From e.g. propertycommunity.com:
“The French property market has only just weathered the storm created by the incompetence of the banking sector, and could now be led into even more turbulent waters by the political manoeuvring of Francois Baroin and the current government,” said Trevor Leggett, chief executive of Leggett Immobilier.
“This proposed tax of 20% is an idea that came about without any consultation of those of us within the industry. With the current, favourable, taxation regime in France an increasing number of UK and European citizens are looking to retire over here and we believe that there are far more efficient and equitable ways for the Government to balance the books.”
Or from The Telegraph:
Christopher Bailey, 69, a retired management consultant, and his wife Georgina Howell, an author, who own a medieval manor which they renovated in north west France, said they resented the extra levy. Mr Bailey said: “I’m angry because we already make quite an adequate contribution. To keep what is a fairly substantial property in France, we’re having to find other sources of income. Now we might have to sell up.”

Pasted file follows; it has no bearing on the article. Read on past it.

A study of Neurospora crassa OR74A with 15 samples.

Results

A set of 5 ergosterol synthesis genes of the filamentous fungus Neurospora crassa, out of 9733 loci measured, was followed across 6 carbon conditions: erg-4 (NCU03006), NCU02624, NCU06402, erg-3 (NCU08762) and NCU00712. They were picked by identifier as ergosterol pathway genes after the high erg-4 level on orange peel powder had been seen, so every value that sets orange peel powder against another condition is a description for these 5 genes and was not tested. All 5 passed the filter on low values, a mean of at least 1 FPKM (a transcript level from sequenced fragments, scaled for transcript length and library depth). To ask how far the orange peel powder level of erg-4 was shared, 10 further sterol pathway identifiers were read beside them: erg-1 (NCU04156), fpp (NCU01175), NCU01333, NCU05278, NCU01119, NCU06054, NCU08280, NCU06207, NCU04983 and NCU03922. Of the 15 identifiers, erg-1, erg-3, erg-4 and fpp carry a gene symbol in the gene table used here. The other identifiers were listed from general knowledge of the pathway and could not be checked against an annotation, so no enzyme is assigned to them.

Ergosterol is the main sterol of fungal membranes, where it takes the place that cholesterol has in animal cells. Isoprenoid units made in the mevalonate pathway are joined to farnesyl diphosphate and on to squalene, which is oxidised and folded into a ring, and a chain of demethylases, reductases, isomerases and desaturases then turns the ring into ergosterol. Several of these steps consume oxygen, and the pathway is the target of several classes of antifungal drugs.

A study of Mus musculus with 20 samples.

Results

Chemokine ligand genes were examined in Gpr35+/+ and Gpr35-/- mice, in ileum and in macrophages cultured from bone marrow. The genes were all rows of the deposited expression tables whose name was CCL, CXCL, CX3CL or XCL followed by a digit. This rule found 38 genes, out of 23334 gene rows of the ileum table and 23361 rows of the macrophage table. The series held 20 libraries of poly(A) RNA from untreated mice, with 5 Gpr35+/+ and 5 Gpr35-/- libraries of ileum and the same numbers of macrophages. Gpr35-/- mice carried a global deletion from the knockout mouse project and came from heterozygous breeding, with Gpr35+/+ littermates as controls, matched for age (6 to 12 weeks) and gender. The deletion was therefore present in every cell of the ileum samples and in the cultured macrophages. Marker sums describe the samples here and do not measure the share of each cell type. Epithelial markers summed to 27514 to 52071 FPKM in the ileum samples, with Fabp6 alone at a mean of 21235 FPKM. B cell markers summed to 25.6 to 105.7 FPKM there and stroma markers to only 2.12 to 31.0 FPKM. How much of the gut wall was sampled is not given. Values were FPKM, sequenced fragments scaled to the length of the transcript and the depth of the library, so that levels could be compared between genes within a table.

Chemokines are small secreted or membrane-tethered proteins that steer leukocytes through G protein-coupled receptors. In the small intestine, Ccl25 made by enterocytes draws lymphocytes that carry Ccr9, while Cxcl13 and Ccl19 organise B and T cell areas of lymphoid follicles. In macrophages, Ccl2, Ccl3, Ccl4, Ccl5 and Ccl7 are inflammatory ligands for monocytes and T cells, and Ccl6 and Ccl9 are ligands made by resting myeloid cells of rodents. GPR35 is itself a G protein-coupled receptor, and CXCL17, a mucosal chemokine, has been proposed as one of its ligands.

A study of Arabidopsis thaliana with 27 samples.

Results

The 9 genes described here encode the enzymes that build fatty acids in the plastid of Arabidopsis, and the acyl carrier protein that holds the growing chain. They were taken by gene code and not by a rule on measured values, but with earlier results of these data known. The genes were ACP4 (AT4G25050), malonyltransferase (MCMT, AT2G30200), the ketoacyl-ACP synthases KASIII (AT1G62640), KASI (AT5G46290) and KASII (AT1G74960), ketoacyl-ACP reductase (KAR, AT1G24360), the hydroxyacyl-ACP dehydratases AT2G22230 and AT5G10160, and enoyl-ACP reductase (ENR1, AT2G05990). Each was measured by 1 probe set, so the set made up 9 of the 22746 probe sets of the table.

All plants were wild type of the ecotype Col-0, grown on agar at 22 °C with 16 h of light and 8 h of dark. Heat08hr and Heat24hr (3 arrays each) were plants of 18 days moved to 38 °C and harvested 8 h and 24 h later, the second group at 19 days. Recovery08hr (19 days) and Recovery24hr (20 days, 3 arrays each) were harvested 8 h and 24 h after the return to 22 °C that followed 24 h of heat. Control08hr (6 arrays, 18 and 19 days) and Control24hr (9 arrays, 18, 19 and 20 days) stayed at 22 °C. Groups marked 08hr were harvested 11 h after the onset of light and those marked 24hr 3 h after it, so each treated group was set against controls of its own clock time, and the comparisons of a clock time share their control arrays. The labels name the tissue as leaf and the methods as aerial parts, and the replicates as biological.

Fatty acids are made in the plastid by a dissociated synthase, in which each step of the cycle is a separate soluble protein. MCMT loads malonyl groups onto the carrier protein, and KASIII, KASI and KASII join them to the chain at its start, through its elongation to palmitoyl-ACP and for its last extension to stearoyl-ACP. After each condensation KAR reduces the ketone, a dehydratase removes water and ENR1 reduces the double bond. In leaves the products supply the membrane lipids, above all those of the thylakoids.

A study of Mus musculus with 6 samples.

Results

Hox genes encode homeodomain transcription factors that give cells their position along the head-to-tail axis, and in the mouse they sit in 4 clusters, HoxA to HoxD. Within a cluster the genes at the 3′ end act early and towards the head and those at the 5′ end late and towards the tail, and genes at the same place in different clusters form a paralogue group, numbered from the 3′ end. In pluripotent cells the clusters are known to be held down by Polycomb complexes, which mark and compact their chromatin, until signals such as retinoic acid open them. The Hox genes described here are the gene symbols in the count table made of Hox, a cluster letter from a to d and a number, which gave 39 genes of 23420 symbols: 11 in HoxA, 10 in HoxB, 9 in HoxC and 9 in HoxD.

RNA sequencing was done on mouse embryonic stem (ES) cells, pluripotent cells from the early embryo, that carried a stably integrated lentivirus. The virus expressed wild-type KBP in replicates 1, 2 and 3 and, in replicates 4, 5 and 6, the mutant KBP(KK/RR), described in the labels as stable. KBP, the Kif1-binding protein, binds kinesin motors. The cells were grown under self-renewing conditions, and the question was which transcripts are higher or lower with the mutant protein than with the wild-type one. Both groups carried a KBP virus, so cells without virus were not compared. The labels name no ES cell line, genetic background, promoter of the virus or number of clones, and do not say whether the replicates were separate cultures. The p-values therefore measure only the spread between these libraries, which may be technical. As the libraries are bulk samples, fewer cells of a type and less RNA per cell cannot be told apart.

The couple are not alone. Stewart Cook, a property agent with the firm Classic French Homes, said: “Already hit by a weak pound, many British owners who are having to consider selling on economic grounds will treat this news as the last straw.”
Or from TaxFreeNews:
… opponents of the tax have warned that the plans will simply prove too costly for non-residents, and will merely serve to adversely affect property purchases by foreigners, and to discourage foreigners from investing and creating jobs in France.
I think you get the picture.
And how much is this terrible, devastating, socialistically life-threatening tax, roughly?
For example, a family with a two-bedroom flat in Normandy worth £350,000 would have to pay roughly an extra £700 a year; or the owners of £5.5m second home in a fashionable part of Paris would pay around £3,400 extra a year.